Microsoft Offers $100 Discount To Customers Upgrading From Windows XP


Discount will apply to any new Surface or Windows 8 computer costing more than $599 as Microsoft looks to migrate Windows XP users

Microsoft is offering major discounts on new computers as part of an attempt to persuade any of its customers still using  Windows XP to upgrade to a newer system.

The company is offering customers $100 off the purchase of any new PC costing over $599 from the Microsoft Store from now until June 15, with the caveat that the new machine will have to be one running Windows 8. Surface tablets will also be available through this offer, however the latest Surface 2 tablets will not.

New buyers will also receive 90 days of free support and free data transfer from their old XP-powered PC. Customers also trade in an XP computer at any Microsoft retail store, where an employee will help them transfer their data on-site.

Asus Transformer AiO Windows 8End of an era

Microsoft is ending support for Windows XP, which was originally announced in 2003, on 8 April. Following this date, any new security flaws which are discovered will not be patched, leaving users open to attack.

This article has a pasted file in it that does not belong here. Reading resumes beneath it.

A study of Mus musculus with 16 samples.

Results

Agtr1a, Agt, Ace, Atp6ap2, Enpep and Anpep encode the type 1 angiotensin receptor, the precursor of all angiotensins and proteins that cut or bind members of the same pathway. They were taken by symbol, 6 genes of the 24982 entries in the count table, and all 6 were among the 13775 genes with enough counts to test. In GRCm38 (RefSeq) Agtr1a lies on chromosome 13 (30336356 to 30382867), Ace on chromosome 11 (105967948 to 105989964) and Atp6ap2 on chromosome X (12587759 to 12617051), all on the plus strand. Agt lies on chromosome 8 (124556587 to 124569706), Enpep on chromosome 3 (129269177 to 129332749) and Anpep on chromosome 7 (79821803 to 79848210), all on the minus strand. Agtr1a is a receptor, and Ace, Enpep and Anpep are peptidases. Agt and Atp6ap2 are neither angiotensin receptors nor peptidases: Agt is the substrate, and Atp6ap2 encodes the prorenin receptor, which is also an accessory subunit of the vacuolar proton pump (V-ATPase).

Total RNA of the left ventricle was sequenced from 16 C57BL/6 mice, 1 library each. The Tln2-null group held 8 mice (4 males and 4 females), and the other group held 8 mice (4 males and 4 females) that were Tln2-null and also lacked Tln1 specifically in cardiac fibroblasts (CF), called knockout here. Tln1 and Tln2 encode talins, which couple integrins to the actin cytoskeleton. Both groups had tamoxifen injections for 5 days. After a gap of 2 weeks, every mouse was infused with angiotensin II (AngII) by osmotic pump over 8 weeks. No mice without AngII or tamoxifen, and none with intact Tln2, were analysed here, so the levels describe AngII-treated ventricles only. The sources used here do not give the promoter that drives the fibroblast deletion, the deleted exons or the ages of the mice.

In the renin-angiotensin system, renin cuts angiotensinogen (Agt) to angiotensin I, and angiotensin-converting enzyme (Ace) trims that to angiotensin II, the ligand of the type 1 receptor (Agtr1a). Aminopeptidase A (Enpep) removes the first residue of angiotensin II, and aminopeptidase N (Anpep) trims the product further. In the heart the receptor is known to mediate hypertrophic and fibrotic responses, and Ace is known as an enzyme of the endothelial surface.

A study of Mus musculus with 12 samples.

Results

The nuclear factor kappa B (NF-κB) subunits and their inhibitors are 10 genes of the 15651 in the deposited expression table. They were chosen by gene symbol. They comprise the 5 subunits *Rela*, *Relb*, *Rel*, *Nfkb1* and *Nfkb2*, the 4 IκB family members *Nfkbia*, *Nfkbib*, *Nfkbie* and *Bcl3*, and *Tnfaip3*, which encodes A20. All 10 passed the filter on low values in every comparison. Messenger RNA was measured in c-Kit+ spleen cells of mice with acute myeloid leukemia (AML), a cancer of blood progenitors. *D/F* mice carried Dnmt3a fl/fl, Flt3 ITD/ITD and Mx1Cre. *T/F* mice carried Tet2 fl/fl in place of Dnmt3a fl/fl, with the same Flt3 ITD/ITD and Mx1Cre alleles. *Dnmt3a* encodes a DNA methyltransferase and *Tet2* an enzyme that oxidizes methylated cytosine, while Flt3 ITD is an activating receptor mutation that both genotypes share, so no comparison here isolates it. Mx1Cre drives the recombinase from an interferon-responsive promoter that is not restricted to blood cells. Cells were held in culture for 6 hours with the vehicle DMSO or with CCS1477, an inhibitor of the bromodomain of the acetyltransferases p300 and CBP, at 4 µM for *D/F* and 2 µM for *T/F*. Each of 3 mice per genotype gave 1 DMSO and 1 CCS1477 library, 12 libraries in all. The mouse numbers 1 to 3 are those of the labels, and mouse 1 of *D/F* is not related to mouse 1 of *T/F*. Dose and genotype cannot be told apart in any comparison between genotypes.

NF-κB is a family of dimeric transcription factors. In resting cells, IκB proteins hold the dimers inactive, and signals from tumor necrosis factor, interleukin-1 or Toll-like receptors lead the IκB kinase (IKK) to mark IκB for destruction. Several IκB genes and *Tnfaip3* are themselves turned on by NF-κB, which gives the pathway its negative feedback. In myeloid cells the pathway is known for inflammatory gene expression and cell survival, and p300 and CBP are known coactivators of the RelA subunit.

However, following a backlash from users, Microsoft has promised to provide a basic level of cyber security protection until July 2015, while a number of major Chinese IT firms have also said that they will provide some security support to their custoemrs  beyond 8 April.

Microsoft is also preparing to launcg Windows 8.1 next month, which will apparently include features designed to appease keyboard and mouse traditionalists, many of whom opposed the tile-based interface of Windows 8, which was designed with tablet and mobile devices also in mind.

In order to facilitate a smooth transition between the two operating systems, the company announced it was partnering with Laplink to offer a free data transfer tool for Windows XP users, which will allow them to copy files such as music, video, email and user profiles from an old machine to a new one.

It is estimated that a third of the world’s desktop PCs currently run Windows XP, meaning that the estimated cost for businesses upgrading to Windows 7 or 8 will be fairly sizeable, with the likelihood that many machines may not be updated at all.